Coherent radiation in the vacuum ultraviolet (VUV) and in the x-ray region will open the gate to exciting applications in fundamental research such as structural analysis of biological molecules, the study of light-matter interactions at extreme intensities, and applications in microscopy, holography, and semiconductor technology. Taking an important step toward wider use of coherent VUV light, the Deutsches Elektronen-Synchrotron (DESY; Hamburg, Germany) opened the first VUV free-electron laser (VUV-FEL) for user operation. The laser will provide radiation in the range of 6 to 100 nm, with ultrafast pulse durations of 20 to 200 fs and peak powers that can surpass by seven orders of magnitude the peak powers obtainable in current synchrotrons.
Programs to realize x-ray FELs down to a wavelength as low as 0.1 nm are under way at the Stanford Linear Accelerator Center (SLAC) and at DESY, both using linear accelerators as the electron guns. In comparison to synchrotron-radiation storage rings, linear accelerators generate and transport electron beams of higher “quality” (higher phase-space density), which means smaller beam diameters and opening angles and shorter electron bunches with higher peak currents. This advance in technology is necessary for generating laser-like VUV radiation and x-rays.
In the DESY VUV-FEL, a 260-m-long linear accelerator equipped with superconducting niobium cavities accelerates electrons to energies of up to 1 GeV, which then pass through a 30-m magnetic undulator. The electron bunches are formed in bunch trains containing up to 7200 bunches with a 9-MHz repetition rate and a bunch-train repetition rate of up to 10 Hz. First lasing was achieved earlier this year at 32 nm with a pulse length of about 20 fs.1
The formation of the laser-like VUV radiation is provided by self-amplified spontaneous emission (SASE). When the electrons interact with the electromagnetic field that they generate, the radiation field “imprints” its periodicity into the electron bunch, which splits into microbunches that are separated from each other by radiation wavelength. Depending on phase, the electrons become partly delayed or promoted, forming high-density microbunches that radiate synchronously in phase. Amplification builds up exponentially to saturation along the trajectory.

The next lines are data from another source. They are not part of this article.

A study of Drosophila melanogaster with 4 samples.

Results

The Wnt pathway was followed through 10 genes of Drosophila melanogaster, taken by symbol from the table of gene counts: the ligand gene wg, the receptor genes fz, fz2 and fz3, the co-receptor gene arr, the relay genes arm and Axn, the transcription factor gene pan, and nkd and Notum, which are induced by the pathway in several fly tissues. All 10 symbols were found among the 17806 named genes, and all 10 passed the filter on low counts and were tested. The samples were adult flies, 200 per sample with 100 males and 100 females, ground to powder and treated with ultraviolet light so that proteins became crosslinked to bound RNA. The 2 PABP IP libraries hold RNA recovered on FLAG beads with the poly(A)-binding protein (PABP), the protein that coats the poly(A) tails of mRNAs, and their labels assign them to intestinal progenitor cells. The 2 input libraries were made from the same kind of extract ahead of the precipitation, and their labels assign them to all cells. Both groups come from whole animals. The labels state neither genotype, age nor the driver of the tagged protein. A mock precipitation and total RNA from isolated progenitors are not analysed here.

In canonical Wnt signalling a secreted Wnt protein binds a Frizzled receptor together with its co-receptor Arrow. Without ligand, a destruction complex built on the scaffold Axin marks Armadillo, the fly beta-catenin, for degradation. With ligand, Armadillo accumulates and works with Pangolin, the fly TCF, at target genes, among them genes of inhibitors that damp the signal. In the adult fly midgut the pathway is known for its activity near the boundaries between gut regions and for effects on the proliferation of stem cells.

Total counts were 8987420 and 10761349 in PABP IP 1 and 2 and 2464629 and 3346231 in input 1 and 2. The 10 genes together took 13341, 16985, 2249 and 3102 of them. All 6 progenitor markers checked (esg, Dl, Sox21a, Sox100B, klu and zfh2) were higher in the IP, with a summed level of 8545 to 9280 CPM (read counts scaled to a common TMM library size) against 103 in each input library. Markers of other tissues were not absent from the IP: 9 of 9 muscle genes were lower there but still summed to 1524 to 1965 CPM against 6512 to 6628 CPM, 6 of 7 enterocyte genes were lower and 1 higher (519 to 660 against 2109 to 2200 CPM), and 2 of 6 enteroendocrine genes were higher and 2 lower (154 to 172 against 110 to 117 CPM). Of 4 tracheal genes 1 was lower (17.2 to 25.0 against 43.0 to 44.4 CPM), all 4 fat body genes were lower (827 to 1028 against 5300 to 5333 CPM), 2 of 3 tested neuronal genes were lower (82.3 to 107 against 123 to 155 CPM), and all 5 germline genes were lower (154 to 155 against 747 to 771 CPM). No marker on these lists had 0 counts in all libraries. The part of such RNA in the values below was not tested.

Linearly polarized radiation is emitted in the forward direction with a small angular divergence of 140 µrad, full width at half maximum (FWHM), and a FWHM bandwidth ∆λ/λ of about 0.5%. While the transverse coherence obtained is very high, the FEL pulse contains several longitudinal modes each of which is fully coherent and originates from a different part of the electron bunch.2, 3 This is characteristic of the SASE process, which builds from shot noise. The outstanding quality of advanced FEL radiation is best described when the brightness of the beam is calculated. It quantifies the number of photons emitted per second, per solid angle and area at the output of the radiation source for all photons with energies within ∆λ/λ = 0.1. For the VUV-FEL photon beam, the peak brilliance is on the order of 1028 photons/(s·mm2·mrad2·0.1% bandwidth), which is about seven orders of magnitude higher than current state-of-the-art synchrotron radiation sources.
At the VUV-FEL, experience will be gained for a future device called XFEL, to be built in Hamburg and completed in 2013; this FEL is intended to reach 0.085 nm, using a 20-GeV linear accelerator of 2.1-km length with up to 250‑m-long undulators.
1. V. Ayvazyan, accepted for publication in EPJ D.
2. For example, see www.hasylab.desy.de/facility/fel/overview/basucs.htm and references therein.
3. E. Plönjes et al., Physics World, July 2003, p. 33.